Rep. Jim Banks (R-IN) credits Donald Trump with the ‘gift’ of attracting working-class voters to the party.

By Donna Provencher - April 01, 2021
Rep. Jim Banks (R-IN)

In a memo to House Minority Leader Kevin McCarthy dated March 30, Rep. Jim Banks (R-IN) said that the GOP has transformed into the party of the working class and that Republicans must “enthusiastically” rebrand themselves.

But the results of the 2020 presidential election indicate that the working class overwhelmingly supports President Joe Biden.

Banks serves as chair of the Republican Study Committee, the largest caucus of conservatives in the House of Representatives.

The memo, published by Axios on Wednesday, bears the subject line “URGENT: Cementing GOP as the Working-Class Party.” It credits Donald Trump with the “gift” of attracting working-class voters to the party and directs Republicans to embrace the new coalition in order to succeed in the 2022 midterm elections:

Donald Trump won the Presidency in 2016 by drawing working-class voters into the GOP. […] Republicans must know their electorate. They must be able to explain the X-factor. What do janitors, restaurant owners and car repairmen have in common that motivated each group to donate their hard-earned income to the Republican presidential candidate?




In 2020, Wall Street donated four times more to Joe Biden than Donald Trump. President Trump didn’t just shift each party’s role — he caused a paradigm reversal.


After five years, it’s clear this reversal isn’t a temporary realignment contingent on Donald Trump’s presence in the White House—both parties are undergoing coalition transformations.

Banks advises Republicans to live up to Trump’s legacy by hosting “roundtables or townhalls featuring natural members of our working-class coalition like electricians, nurses, factory workers and police officers” and create a “Working Families Task Force” to “produce a definitive report on GOP-endorsed policies to protect American jobs, promote working-class values and assist working families.”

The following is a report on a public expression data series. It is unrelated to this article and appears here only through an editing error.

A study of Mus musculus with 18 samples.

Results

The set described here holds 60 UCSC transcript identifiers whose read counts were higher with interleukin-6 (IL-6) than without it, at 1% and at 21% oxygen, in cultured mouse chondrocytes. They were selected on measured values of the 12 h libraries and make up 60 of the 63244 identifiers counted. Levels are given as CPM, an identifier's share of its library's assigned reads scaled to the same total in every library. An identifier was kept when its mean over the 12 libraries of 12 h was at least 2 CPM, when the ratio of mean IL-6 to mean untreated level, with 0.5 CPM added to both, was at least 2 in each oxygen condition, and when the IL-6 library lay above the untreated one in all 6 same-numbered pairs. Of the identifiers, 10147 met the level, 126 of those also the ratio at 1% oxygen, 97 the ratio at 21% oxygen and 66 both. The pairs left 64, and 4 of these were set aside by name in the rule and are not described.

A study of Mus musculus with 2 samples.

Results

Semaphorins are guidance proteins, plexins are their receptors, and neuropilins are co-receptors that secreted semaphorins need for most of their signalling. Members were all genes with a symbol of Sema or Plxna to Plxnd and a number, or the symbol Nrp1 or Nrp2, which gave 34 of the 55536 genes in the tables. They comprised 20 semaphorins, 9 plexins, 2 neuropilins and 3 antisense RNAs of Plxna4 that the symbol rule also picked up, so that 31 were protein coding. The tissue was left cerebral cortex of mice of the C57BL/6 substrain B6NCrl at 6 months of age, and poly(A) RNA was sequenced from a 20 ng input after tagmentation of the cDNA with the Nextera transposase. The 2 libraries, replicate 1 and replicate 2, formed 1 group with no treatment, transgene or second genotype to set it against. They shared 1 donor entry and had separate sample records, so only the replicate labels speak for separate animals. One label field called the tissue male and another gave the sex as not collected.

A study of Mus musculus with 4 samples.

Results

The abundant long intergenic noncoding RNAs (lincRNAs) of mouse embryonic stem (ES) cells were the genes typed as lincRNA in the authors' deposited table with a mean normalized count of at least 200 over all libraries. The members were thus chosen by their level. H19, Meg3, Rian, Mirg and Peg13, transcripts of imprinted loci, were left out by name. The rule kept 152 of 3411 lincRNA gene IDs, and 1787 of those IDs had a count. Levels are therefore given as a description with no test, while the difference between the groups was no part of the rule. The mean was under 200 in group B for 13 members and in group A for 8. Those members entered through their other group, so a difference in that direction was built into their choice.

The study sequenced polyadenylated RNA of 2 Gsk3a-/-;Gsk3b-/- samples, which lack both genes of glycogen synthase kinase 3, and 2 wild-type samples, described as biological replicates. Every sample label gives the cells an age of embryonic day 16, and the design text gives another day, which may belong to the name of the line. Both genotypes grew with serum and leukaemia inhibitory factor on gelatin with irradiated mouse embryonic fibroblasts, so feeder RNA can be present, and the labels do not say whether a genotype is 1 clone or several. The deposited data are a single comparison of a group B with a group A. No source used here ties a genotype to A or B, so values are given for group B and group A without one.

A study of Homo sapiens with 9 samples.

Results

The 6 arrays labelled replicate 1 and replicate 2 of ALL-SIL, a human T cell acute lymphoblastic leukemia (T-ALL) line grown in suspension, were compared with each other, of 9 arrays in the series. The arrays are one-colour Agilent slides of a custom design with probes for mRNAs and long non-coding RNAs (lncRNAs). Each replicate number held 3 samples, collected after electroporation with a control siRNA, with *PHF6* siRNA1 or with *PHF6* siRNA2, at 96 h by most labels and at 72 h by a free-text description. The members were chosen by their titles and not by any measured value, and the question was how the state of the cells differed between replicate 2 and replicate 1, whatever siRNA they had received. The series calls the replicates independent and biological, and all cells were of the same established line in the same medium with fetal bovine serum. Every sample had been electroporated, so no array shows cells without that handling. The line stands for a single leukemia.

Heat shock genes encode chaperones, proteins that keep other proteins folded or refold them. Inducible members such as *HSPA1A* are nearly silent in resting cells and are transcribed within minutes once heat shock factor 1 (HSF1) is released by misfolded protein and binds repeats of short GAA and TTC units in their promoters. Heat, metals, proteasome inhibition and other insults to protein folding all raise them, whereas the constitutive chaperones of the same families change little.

Banks says Republicans should focus less on corporate fundraising and more on grassroots fundraising from working-class donors.

He sums up, “Our electoral success in the 2022 midterm election will be determined by our willingness to embrace our new coalition. House Republicans can broaden our electorate, increase voter turnout, and take back the House by enthusiastically rebranding and reorienting as the Party of the Working Class.”

But New York Times data drawn from exit polls taken after the Nov. 3 general election demonstrates that Republicans are far from the party of the working class.

Poll results show that among voters with household incomes of $100,000 or higher, 54% voted for Trump and only 42% for Biden.

Conversely, Biden maintained a strong lead among working-class voters, winning 55% of those with household incomes under $50,000, while only 44% of those in that income bracket voted for Trump.

Polling before the election, including a Morning Consult online survey conducted in September 2020, showed 52% of voters making over $75,000 claiming to support Donald Trump.

And CNBC’s Millionaire Survey found during the presidential primaries that almost 36% of millionaire voters reported they would support Donald Trump as the presidential candidate, while only 14% reported they would support President Joe Biden.

Data continues to show that there has been no sudden “coalition transformation” of supporters to justify calling the GOP the party of the working class.

Working-class voters disproportionately shied away from Trump in 2016 as well, with only one-third of Trump voters having household incomes at or below $50,000 a year.

According to the website Statista, in 2012 57% of working-class voters with household incomes between $30,000 and $50,000 a year voted for former President Barack Obama and only 42% for candidate Mitt Romney, roughly the same proportion of the working-class vote that Trump got in 2020. More than 60% of 2012 voters with households incomes under $30,000 a year voted for Obama, with only 35% voting for Romney.

In his memo, Banks also said Republicans ought to lean into Trump’s supposed “opposition to the Chinese Communist Party’s predatory trade practices and support for trade policies that promote American industry and create American jobs.”

According to a 2019 financial disclosure, Banks has thousands of dollars of mutual fund investments in several Chinese companies.

Published with permission of The American Independent Foundation.